Mercury News editorial: Santa Clara County's new immigration policy needs watching

Mercury News Editorial
Posted: 10/26/2011 06:09:06 PM PDT
Updated: 10/26/2011 07:08:45 PM PDT

The controversy over Santa Clara County's new policy on working with immigration authorities -- or rather, not working with them -- has gone nuclear.

To hear some county supervisors and the county executive rip into Sheriff Laurie Smith and District Attorney Jeff Rosen, you'd think the two were wing nuts out to deport anybody who looks at them sideways. They are far from it -- but their unexpected opposition to the new county immigration policy did come annoyingly late: Both knew about the proposal more than a week before the board of supervisors approved it, but neither spoke up until Mercury News reporter Tracy Seipel called them after last week's vote. They fear the policy will result in dangerous people being released into the community instead of being deported.

Everybody needs to stand down, put the verbal nukes back in their silos and discuss this rationally. The policy is in place, so let's track the results and reassess it in four or six months. If Smith and Rosen are right, the board can amend it.

The immediate issue is whether the county should honor requests from the U.S. Immigration and Customs Enforcement agency, known as ICE, to hold prisoners for its agents after the county has concluded the cases. Rosen and, more reluctantly, Smith had gone along with an earlier proposal to honor the ICE holds for prisoners accused of serious or violent crimes but to release minor, one-time offenders. Supervisor George Shirakawa shifted the plan to refusing all ICE holds unless the agency agreed to pay the costs -- which it won't.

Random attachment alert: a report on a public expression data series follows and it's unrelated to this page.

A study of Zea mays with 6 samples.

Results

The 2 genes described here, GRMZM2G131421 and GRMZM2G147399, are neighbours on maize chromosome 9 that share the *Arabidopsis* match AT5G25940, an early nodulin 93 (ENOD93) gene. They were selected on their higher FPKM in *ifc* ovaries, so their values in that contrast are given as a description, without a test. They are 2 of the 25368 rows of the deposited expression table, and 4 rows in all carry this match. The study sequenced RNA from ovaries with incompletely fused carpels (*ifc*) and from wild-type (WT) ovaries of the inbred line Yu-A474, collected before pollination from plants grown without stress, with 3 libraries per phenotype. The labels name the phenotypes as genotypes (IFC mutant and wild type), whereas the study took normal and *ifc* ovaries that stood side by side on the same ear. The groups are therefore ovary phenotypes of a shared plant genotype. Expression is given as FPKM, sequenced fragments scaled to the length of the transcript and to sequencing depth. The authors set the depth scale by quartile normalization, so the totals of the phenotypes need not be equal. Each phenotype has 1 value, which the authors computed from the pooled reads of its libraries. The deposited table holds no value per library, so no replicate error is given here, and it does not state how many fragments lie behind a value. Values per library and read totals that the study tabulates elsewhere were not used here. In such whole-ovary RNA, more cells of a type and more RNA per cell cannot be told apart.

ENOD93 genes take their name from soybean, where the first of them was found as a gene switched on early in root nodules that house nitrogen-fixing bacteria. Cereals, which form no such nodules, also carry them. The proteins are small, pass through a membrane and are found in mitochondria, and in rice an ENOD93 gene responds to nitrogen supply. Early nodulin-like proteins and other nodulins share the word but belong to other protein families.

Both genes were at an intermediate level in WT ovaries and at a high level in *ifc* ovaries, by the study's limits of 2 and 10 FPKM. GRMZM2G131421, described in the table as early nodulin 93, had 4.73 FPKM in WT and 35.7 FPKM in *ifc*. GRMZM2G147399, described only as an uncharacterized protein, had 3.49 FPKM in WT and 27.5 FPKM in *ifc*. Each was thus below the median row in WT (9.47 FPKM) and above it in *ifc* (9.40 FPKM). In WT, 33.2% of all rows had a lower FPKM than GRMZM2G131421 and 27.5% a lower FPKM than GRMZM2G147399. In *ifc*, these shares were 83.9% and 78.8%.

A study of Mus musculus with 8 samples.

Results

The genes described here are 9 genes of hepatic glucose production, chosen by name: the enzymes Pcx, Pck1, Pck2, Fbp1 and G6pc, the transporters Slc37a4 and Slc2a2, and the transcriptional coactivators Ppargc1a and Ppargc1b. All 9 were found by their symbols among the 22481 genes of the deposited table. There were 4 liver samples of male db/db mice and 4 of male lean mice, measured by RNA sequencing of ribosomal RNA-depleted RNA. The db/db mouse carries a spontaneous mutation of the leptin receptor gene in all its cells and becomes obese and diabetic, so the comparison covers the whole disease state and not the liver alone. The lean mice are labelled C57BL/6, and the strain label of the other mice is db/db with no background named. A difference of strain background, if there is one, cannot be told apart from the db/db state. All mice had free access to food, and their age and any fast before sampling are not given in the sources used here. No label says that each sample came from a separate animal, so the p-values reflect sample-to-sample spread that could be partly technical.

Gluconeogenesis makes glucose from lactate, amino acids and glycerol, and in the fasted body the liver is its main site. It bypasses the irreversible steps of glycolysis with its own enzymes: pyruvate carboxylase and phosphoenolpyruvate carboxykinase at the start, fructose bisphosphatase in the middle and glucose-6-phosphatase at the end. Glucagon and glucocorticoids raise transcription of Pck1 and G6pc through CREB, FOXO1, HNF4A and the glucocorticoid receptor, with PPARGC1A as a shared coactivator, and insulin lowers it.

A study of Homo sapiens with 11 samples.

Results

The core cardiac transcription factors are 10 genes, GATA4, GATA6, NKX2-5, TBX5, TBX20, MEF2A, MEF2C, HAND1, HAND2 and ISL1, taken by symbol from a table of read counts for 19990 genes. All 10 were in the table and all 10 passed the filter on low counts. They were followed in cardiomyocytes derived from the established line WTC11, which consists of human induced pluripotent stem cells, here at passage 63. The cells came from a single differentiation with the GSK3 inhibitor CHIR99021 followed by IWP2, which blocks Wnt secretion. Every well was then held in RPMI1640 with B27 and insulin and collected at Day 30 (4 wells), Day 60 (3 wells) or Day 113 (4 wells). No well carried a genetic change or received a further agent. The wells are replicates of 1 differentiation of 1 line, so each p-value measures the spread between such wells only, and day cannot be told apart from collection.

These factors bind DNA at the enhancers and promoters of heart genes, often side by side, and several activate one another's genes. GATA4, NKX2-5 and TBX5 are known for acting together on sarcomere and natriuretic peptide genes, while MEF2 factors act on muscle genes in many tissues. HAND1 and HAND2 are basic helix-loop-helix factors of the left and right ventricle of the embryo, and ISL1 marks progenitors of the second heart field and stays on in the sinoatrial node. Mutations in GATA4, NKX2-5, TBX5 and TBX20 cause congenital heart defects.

The underlying problem is that ICE's misnamed Secure Communities program aims to engage local police in immigration enforcement. This has undermined immigrant communities' trust in the police, making people afraid to report crime as a witness or even a victim. It's an atmosphere that makes everyone, citizen or not, less safe. Advocates of the new county policy say public safety will improve when people no longer associate local officers with deportation.

Most violent offenders end up in state prisons, which turn them over to ICE when sentences are complete. But some do stay in the county. And the new policy is likely to mean more suspects will get out on bail. In some cases, such as gangsters, this is indeed worrisome. It's one thing to track.

County officials and community activists are accusing Smith and Rosen of grandstanding and fear mongering. We don't see it. Rosen in particular has been sensitive to immigrant concerns: He has implemented an enlightened policy in his office to consider whether a plea bargain might trigger deportation, which would be a disproportionate punishment for some crimes. As the county's top elected law enforcement officials, Rosen and Smith have standing to comment on the ICE policy and an obligation to speak their minds.

We just wish they'd spoken them sooner. The policy might not have changed, but the unseemly anger in its wake could have been avoided.